The term competition entails that there is a game at stake with a prize attached to it. To what extent do you get into this game and strive to win? Your competitive drive will likely be a factor of two forces: your level of motivation and the stakes.
Some people compete for the sake of competition while others compete only when the end justifies the means. Do you play fair or do you play to win? To what lengths will you go to win?
Let’s go to the super bowl
Throughout this past NFL season, New England Patriots original starting quarterback Drew Bledsoe and backup Tom Brady stood side by side, be it throughout training or in games. The two gunslingers were competing for the starting position. Did they both desire to be the starter? Of course, but would they both be the starter? No, there could only be one starting QB after all.
When Brady took over for the injured Bledsoe, he knew that he had to overdeliver and that only he could beat himself. Largely because of the two men’s composure, professionalism and fair play, the New England Patriots marched through the playoffs and conquered the oddsmakers. Bledsoe and Brady understood that even though they were competing for the post, the real competition was the opponent and not one another. This allowed them to put personal goals aside and win the Super Bowl.
Incidentally, a couple of years ago, another NFL team had a conventional situation that turned quite dramatic. The New York Jets were fortunate to have two solid wide receivers in Keyshawn Johnson and Wayne Chrebet. Unlike quarterbacks, there can be more than one starting wide receiver.
Moreover, wide receivers can open up the field for one another and pulverize defensive backs. Did the two receivers embrace one another? No — at least not Johnson. Johnson failed to recognize that Chrebet was not his competition. By focusing on his teammate and casting him as the nemesis, the Jets lost focus. Johnson ultimately left the Jets, and of course, the Jets did not emulate the Pats by winning the Super Bowl.
These two different scenarios prove that competition can be internal, with someone on your team, in your department, or at the company; but it can also be external, with a foreign firm or opponent. There are some questions you should ask yourself, as a way of evaluating which scenario you are in, how far you’re willing to go, or whether you should try at all.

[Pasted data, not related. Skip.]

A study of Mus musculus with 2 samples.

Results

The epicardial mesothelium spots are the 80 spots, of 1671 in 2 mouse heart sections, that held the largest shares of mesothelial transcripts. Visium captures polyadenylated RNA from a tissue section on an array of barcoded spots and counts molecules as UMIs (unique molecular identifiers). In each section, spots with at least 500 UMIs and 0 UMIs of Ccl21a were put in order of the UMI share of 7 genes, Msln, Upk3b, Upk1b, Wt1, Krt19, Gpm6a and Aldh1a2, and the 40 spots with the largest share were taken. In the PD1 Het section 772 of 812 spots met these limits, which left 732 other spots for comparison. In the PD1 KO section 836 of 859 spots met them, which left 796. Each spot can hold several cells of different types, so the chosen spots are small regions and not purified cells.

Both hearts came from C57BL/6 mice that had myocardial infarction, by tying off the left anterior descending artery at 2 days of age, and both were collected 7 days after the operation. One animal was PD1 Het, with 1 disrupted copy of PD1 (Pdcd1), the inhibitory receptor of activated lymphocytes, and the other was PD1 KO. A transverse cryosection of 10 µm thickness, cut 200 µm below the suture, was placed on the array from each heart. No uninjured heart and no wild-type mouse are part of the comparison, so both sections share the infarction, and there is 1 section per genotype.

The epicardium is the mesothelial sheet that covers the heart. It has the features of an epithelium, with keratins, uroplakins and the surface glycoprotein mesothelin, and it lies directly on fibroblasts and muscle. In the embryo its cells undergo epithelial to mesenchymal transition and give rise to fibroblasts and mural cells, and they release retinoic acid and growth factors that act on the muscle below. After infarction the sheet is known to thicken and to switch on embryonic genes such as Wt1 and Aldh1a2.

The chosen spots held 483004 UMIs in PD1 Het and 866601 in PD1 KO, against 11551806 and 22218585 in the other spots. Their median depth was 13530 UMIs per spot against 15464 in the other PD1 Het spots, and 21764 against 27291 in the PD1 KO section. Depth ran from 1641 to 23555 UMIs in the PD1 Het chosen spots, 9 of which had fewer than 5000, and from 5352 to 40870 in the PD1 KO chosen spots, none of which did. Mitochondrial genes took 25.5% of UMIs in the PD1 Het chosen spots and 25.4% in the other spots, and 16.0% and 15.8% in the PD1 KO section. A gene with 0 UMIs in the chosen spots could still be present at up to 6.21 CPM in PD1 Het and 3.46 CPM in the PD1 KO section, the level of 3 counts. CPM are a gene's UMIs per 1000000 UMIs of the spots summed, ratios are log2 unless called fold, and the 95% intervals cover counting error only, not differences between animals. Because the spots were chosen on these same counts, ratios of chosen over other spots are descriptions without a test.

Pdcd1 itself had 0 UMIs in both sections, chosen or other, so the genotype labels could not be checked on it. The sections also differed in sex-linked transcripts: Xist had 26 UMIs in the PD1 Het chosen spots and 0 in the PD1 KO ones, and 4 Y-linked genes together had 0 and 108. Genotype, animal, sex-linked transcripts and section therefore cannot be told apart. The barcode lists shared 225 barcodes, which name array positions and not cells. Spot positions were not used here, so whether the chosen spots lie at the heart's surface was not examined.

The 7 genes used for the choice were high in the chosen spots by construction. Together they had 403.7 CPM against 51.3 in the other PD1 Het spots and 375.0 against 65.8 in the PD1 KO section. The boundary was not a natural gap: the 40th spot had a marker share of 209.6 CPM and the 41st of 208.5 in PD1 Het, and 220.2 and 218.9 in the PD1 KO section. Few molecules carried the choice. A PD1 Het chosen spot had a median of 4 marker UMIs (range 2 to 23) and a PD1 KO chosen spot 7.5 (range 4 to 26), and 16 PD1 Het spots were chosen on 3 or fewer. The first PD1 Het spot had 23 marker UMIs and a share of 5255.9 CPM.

Most of us are competitive by nature. We understand that only the strong survive while the meek get left behind. But competitiveness is an intangible trait that is hard to quantify. Are you competitive? You probably answered yes, but where do you stack up in the overall picture?
Take a pause in your workday to consider the following questions — you’ll find many of the answers within yourself.
The competitive test
Do you know the competition?
When you compete, do you compete against others or do you try to get the most out of yourself ?
If you find that you are trying to beat others, then you are fiercely competitive. But the goal should be to give 100% no matter how good or bad the competition is, in order to deliver your best at all times. This will help you avoid becoming smug and lazy, and will keep you on your toes at all times.
Find out whether you strive to succeed…
Do you know what the competition is offering?
Say you are going after a large sales contract and know you will be facing competition in a down market: Do you understand to what lengths the others will go to close the deal or do you disregard what the competition is offering and simply think of what you can control?
While it is important to know what the others are doing, you’re better off focusing on what you can control.
Do you know how you can win?
Do you study and understand the rules or does your reckless disregard make you lose the game in the end? In other words, do you go along with the rule book or do you question it at the expense of victory?
Are you a volunteer member or have you been forced into competition?
Often we find ourselves in jobs because we have to pay the bills, not because we aspire to change the world. If this is the case, then your motivation will take a hit, as will your results.
Is the competition clearly identified or do the roles change? Surely all firms have good cop/bad cop routines. Do you find yourself disillusioned with who is on your side?
What is driving you? Is it a material gain: pay, bonus, equity? Is it an intangible thing such as respect, winning a contract, or is it both?
Obviously getting a large contract from your largest reseller adds value to the firm and it boosts your own compensation down the road. But which is the greater rush: Closing the deal or getting the check? If you find yourself driven by the material gains, then at some point you will lose motivation.
When you have a million in the bank, do you need a second? Of course you do, but will you try harder to get that second million or get comfortable?
Ultimately, if you are driven by intangible goals, then your motivation, drive and determination will make you competitive for the sake of emerging victorious. This converts into long-term success as opposed to short-term accomplishments.
Watch the toes!
Whatever you do, keep one thing in mind: Often you compete in teams, so stepping on others’ toes may bring you the victory in the battle at the expense of losing the war.
Independent of everything, you should always do the right thing; whatever the “right thing” is to you. You have to look yourself in the mirror every morning and night, so do what makes you happy at the end of the day rather than what the institutional imperative is.
Good winner vs. sore loser
The answer is simple: Whether you’re competing on an individual basis or as a group member, understand the game, evaluate the stakes, show class, and play fair.
Ash Karbasfrooshan is also the author of Course To Success, available at www.CourseToSuccess.com.